Last week, Vox’s Ezra Klein made an important observation about the Affordable Care Act and the way it’s covered by the conservative media. The gist of it is that the law is doing pretty much what it’s supposed to be doing – uninsurance rates are going down, insurers are signing up for the marketplaces, premiums are lower than anticipated – and yet the conservative press continues to treat the law as a gigantic, sprawling failure.
As Klein pointed out, the problem isn’t that conservatives are “lying” about the Affordable Care Act (though that is a problem) but rather that they’re just disregarding the news that doesn’t portray the law in a negative light. “The Affordable Care Act is a huge law,” he wrote, “and at any given moment, there are some good things happening in it and some bad things happening in it. If you run multiple articles every day on the problems and nothing on the broader trends, it's easy to mislead your audience.”
This is an expression of the broader conservative belief that the Affordable Care Act is not just bad policy, but an actual “cancer” that threatens to destroy the country. When you hold it as an article of faith that Obamacare is dangerous and a catastrophe, you’re not apt to acknowledge any piece of news that challenges your assumptions. Ideological considerations trump the actual facts of the matter. Eventually, the tension between the conservative media’s pessimistic take on the law and the real-world performance of the ACA will become too great for the right-wing fiction to be maintained. But for now, they’ll simply blow off the “bad” news and convince themselves they’re right.
The same dynamic is at play in the legal challenges to Obamacare. The Halbig case is the last great conservative hope for undoing the Affordable Care Act, and right now it’s not doing so hot. The legally dubious argument put forward by the Halbig plaintiffs is that one snippet of text in the law invalidates the tax subsidies given to people who purchased their coverage through Healthcare.gov. Two conservatives on a three-judge panel of the D.C. Circuit were convinced of its merits and ruled in favor of the plaintiffs this summer. That ruling was vacated earlier this month when the full D.C. Circuit agreed to rehear the case, thus greatly reducing the chances that it will make it to the Supreme Court.
But that doesn’t bother Michael Carvin, attorney for the Halbig plaintiffs, who is confident that his case will make it to the Supreme Court. His confidence, he explained to TPM’s Sahil Kapur, derives from his faith that the conservatives on the high court will simply ignore the legal rulings upholding the ACA:
"I don't know that four justices, who are needed to [take the case] here, are going to give much of a damn about what a bunch of Obama appointees on the D.C. Circuit think," Carvin told TPM on Thursday, after a Heritage Foundation event previewing the upcoming Supreme Court term. "This is a hugely important case."
That’s a telling remark for a couple of reasons. First of all, it makes perfectly clear just how much the Halbig case relies on ideology trumping the actual legal reasoning. The full D.C. Circuit Court, the majority of which is Democrat-appointed (including a number of Obama appointees), is likely to rule against Carvin and his client. The 4th Circuit Court of Appeals already ruled on a similar lawsuit upholding the provision of tax credits through the federal exchanges. As a matter of general practice, the Supreme Court is less likely to take up a case if there is no lower court dispute to resolve.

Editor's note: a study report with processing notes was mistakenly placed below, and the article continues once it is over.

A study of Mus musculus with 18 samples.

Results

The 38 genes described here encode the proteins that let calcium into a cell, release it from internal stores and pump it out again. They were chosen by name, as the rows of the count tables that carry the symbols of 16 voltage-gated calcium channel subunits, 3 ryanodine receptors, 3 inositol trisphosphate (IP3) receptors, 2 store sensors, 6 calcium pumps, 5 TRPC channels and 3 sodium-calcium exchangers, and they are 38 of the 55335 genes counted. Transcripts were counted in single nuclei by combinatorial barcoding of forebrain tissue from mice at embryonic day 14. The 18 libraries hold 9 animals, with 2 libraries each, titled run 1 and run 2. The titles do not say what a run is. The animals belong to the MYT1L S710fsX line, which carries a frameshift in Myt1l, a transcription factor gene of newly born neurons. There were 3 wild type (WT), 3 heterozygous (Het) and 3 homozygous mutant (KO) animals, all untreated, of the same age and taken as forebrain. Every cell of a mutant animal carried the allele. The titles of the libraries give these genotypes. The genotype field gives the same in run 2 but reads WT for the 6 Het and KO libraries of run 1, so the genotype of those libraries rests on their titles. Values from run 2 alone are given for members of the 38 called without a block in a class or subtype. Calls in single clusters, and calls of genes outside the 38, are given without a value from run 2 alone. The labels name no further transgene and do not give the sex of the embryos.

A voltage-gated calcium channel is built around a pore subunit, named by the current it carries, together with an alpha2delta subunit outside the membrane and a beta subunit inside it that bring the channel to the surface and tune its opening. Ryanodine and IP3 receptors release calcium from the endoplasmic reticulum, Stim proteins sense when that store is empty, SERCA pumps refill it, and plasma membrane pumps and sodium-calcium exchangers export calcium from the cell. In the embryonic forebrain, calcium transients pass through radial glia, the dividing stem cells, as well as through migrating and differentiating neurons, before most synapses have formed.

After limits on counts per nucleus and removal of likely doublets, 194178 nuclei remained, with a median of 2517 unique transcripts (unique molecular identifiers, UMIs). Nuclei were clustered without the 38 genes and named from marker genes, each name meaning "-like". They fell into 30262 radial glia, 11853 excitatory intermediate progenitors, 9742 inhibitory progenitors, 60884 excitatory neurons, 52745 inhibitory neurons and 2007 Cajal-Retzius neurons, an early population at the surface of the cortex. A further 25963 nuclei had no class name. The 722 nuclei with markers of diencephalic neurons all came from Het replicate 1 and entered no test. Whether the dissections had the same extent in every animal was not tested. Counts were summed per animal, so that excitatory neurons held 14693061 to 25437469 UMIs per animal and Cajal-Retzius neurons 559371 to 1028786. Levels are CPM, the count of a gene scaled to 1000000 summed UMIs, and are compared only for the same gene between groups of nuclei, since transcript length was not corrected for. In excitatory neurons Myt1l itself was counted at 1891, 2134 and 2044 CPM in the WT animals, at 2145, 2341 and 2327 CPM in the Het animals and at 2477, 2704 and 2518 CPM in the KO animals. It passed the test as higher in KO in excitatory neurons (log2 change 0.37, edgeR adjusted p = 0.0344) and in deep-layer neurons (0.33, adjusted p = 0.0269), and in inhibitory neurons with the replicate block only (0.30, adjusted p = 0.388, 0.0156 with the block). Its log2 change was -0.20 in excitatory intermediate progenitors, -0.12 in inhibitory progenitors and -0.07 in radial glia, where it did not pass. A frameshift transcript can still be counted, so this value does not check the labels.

Carvin is saying that none of that will matter because the Supreme Court’s conservative bloc will dismiss whatever the D.C. Circuit argues as mere partisanship. The hopes for his case rest on the willingness of Republican-appointed judges on the Supreme Court to act like partisans themselves. “If you've gone through that process and you don't really care what [the Obama-appointed judges] think,” Carvin told TPM, “then I think the calculus would be, well let's take it now and get it resolved.”
The other reason his remark is significant is that while it’s definitely a cynical way to view the judiciary, he’s not actually wrong. We tend to have this dissonant view of the judiciary in which we expect it to be a beacon of independent fealty to the law, but we also root for it to act in overtly partisan fashion when it suits our interests. The judges are, after all, real people with ideologies all their own, and they're chosen for their positions by presidents whose primary interest is to further the influence of their own ideologies. The reason liberals were so enthused that the full D.C. Circuit Court is going to hear the Halbig case is precisely because there are so many Democrat-appointed judges on that court, and the expectation is that they’ll act to protect the Democratic president’s signature legislation.
That’s not to say there’s a fundamental disconnect between the law and ideology, nor to say that there are no “independent” judges. You can be as partisan as you please and still have the better legal argument. What makes Halbig so remarkable is that its strength as a case relies heavily on the partisanship of the judges and their assumed willingness to put ideology before the law.